Always Check Your Propeller

Always check your propeller is securely tightened. Flight four of the RS352 today became rather interesting when there was a loud pop and I saw something come away from what looked like the front of the aircraft. My first instinct was the propeller as I was part way through a smooth power increase from almost zero throttle. So, back to zero throttle, the aircraft is controllable so I execute a perfect dead-stick landing right in front of me, much to the surprise of the watching quadcopter crowd. I’ve had a scale spinner fail on me in a similar way a few years ago, so I guess I was fairly well prepared.

The detached propeller and hub on the RS352's left wing, showing a "bite" taken out of the propeller.

The detached propeller and hub on the RS352’s left wing, showing a “bite” taken out of the propeller.

While I was busy landing, a very kind passer-by managed to retrieve the propeller, otherwise I would probably have spent a while looking for it in the grass. The picture clearly shows that it’s come loose from the hub. Funnily enough, I had checked all the control surfaces, wing, tail, fin, linkages and general condition of the aircraft while I was waiting for the LiPos to charge, which is my normal routine. I didn’t detect anything wrong with the prop though, but it makes me wonder whether successive prop-hanging practice might be a contributing factor? I had been getting a lot better at this manoeuvre in the previous few flights, although the lack of gale force winds probably helps. The “bite” taken out of the propeller is curious, as I can’t find any damage on the aircraft, other than a small slice out of the black foam on the left side of the motor. It’s almost superficial, the prop cut isn’t deep, but as it’s close to the motor attachment it warrants some epoxy to seal the foam back together. The only thing I can think is that the prop came off, hit the foam fuselage front spinning fast, then the aircraft went over it, with the prop colliding with the carbon undercarriage as it went past. The “bite” mark looks to be on the wrong side of the prop for the direction it was spinning, though, and there is no apparent damage to the carbon undercarriage or any other part of the aircraft.

It’s Easter Sunday today and I was starting to wonder whether I was going to be on my own (and get wet, there were spots of rain), but it turned into a very busy morning. Three guys with quadcopters, an FPV plane and their three young daughters arrived soon after me. Between them they had two racing quads, a DJI Inspire, a Walkera (?) quad similar in size to the HubSan X4 and an FPV equipped Easy Star. After some talk about the “Airheads” pilot and an FPV league that’s being set up, we got down to some flying. The racing quad’s maiden flight and then maiden with FPV was really good, but the FPV plane was obviously nose heavy and uncontrollable, crashing part way around the first circuit after launch. It looked like the nose and FPV kit was damaged, but the rest of the plane seemed OK.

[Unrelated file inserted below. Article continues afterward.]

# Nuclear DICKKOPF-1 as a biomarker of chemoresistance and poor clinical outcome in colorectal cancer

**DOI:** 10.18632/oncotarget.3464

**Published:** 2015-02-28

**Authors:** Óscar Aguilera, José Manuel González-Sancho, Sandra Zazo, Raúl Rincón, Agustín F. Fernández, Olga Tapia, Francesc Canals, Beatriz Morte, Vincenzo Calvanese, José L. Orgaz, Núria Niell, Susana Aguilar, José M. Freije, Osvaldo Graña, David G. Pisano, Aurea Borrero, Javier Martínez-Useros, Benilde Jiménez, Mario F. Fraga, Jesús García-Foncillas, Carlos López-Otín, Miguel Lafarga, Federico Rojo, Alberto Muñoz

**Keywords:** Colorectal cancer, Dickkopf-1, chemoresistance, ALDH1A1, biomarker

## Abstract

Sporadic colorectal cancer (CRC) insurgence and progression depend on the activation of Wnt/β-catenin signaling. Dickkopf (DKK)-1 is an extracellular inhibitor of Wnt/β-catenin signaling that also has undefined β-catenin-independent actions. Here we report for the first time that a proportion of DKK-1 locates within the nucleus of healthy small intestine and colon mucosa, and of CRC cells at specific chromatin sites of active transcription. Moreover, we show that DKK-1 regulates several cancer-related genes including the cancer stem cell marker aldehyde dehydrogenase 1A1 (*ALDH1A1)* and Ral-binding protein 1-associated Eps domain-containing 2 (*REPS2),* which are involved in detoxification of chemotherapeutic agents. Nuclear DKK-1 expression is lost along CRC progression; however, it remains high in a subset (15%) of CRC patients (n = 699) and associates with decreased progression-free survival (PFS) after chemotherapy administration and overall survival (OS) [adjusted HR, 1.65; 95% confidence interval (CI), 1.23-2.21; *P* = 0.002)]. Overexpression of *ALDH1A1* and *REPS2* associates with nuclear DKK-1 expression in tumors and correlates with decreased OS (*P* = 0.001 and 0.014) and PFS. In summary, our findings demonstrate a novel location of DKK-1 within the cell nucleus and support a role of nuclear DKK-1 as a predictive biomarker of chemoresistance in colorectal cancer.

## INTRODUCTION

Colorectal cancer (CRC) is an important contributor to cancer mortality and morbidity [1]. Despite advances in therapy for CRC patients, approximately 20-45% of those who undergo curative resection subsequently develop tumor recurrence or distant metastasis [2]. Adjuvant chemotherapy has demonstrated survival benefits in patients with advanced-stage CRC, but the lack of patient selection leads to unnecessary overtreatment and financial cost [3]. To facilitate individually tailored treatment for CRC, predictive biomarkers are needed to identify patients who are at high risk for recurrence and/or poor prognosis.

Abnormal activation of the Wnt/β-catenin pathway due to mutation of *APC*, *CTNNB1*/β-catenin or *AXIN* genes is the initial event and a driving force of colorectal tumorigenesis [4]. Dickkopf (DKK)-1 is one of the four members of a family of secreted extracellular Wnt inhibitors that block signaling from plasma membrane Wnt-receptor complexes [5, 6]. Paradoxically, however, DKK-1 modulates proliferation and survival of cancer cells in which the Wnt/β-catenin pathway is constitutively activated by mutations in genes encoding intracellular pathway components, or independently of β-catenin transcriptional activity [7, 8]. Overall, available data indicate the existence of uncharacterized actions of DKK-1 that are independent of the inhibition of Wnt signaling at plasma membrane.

As for the DJI Inspire, it’s not the quadcopters that I have an issue with as much as the idiots who fly them. I’m sure this was the same guy who nearly took my head off last time and he almost did it again. The landing with the spinning blades 2 centimetres from his legs is just stupid and, if he’s hovering above my head close enough for my aircraft to be moving about in the prop wash, then he’s flying much too close to people. Also, the story he told about when the thing started up unexpectedly, jumped into the air and he grabbed it, just left me speechless. The other guy seemed a lot more safety conscious though, so maybe the Darwin principle will hold for quadcopter pilots. All the stupid ones will kill themselves and hopefully not anybody else.

Anyway, I managed three good flights with the RS352 and a fourth aborted flight, which left the quadcopter guys somewhat in awe of how fast and graceful it is in the air, plus they were genuinely shocked that I could fly it back and land perfectly with no prop. I also four flights with the HubSan X4, which was going really well with its new motor. Near the end of the morning, we had the guy with the Stryker show up again and get in a single flight with his extremely quick aircraft.

Finally, I’ve had some time off so I’ve been building some of the ATOM. I’ve been working on getting the servos in, but, because I’m using Futaba S3106’s from my old Simprop Cap231EX, it’s a bit harder to fit them in. This means that the Cap231 probably isn’t going to fly again, as the last flight some years ago showed up extreme structural failure in the fuselage, which had been getting gradually worse for a while. I had been patching it up, but foam just fails at the point where the patch ends, so it ends up like trying to plug a leak in a sponge. In the end it’s for the best. Also, I’ve already used the motor and ESC in my mini flying wing, so the other two servos are coming out next. Here is the ATOM so far:

The ATOM autogyro with an aileron or elevator servo installed.

The ATOM autogyro with an aileron or elevator servo installed.

You can see one of the aileron or elevator servos installed, while I’m still working on getting the rudder servo into position at the rear of the fuselage. The boom, tail and mast are not glued in yet, so the whole thing still comes apart easily. It’s very close to needing the head and rotor blades, but I still need to order myself a motor. Last time I ordered something from RobotBirds, I bought a GT Power Watt Meter, which is proving very useful for gauging LiPo capacity:

GT Power Watt Meter

GT Power Watt Meter

It’s a nifty little gadget, but I haven’t quite figured out how to use all the functions yet.

That’s it, I’m off to do some more work on the flight simulator and build some more autogyro.